Alex Power Equipment is Rural Lifestyle Dealer's 2019 Dealership of the Year in the single-story category. Here's an excerpt from the feature in the fall issue about the dealership's aftermarket philosophy.

Alex Power Equipment's dealership’s motto is “We treat customers the way we want to be treated,” and those words are the highest priority for the staff. To ensure they meet those expectations, they pay attention to shop efficiency and parts inventory. In the shop, Tom Townsend, service manager, says they aim for 80% efficiency, but adds that troubleshooting today’s equipment can make that more difficult to achieve. This summer, the shop was particularly busy and didn’t experience any down periods. And, it doesn’t matter if it’s a homeowner or a contractor, the same urgency is put on getting the job done.

“Any repairs you’re dealing with are critical to that person. You try to get it done in a timely manner,” he says.

In the parts department, Dave Deakins, parts manager, says, for the most part, they follow the rule that if you don’t sell it 3 times in a year, you shouldn’t have it in the bin. “But, there are things we stock just because we know we might sell them one consecutive year for every year for the last 5 years. That’s something you need and when it’s down it causes major problems [for the customer],” he says. “And then there are small dollar items, things that maybe don’t turn as fast, but you have to balance that out to what it costs to run the shop, too.”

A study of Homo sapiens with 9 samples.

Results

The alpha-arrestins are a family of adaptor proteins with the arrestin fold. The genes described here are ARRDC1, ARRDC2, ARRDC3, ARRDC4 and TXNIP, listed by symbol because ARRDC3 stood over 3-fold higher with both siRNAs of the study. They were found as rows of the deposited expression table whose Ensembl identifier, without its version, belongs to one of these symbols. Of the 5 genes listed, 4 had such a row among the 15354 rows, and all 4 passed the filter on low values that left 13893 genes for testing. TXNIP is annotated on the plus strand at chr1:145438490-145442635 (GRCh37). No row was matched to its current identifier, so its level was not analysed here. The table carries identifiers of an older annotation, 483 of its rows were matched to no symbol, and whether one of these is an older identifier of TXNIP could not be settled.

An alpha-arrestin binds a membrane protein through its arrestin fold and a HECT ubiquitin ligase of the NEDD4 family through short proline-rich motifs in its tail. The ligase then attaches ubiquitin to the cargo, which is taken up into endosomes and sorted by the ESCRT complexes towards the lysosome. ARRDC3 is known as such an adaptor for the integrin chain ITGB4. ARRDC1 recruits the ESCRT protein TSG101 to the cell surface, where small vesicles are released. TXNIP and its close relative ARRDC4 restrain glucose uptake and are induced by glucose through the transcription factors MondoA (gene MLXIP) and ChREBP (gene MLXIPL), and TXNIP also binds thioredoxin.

The parts department aims to run at a 35% profit margin, and Alex Power’s absorption rate in 2018 was 93%. 

One of the biggest challenges for the parts department is vendor supply fill rates because of the amount of equipment they have out in the market from their years of selling. “For example, years ago you might have had one tractor that was good for 15, 20 years, and a lot of the parts were the same. Now, all the changes that the manufacturers do in the computer systems makes it complicated,” Deakins says. 

Another challenge Deakins said dealerships may experience, is finding the right fit when hiring for the parts department. He needs someone with a desire to work on computers and has critical thinking skills and can think outside the box. “I remember the guy who trained me, Jack, years ago. He said it takes 3-5 years to develop a parts person in this business. I would say that’s true. It takes 3 years for a good person to be able to know what’s going on enough to be able to take over,” he says.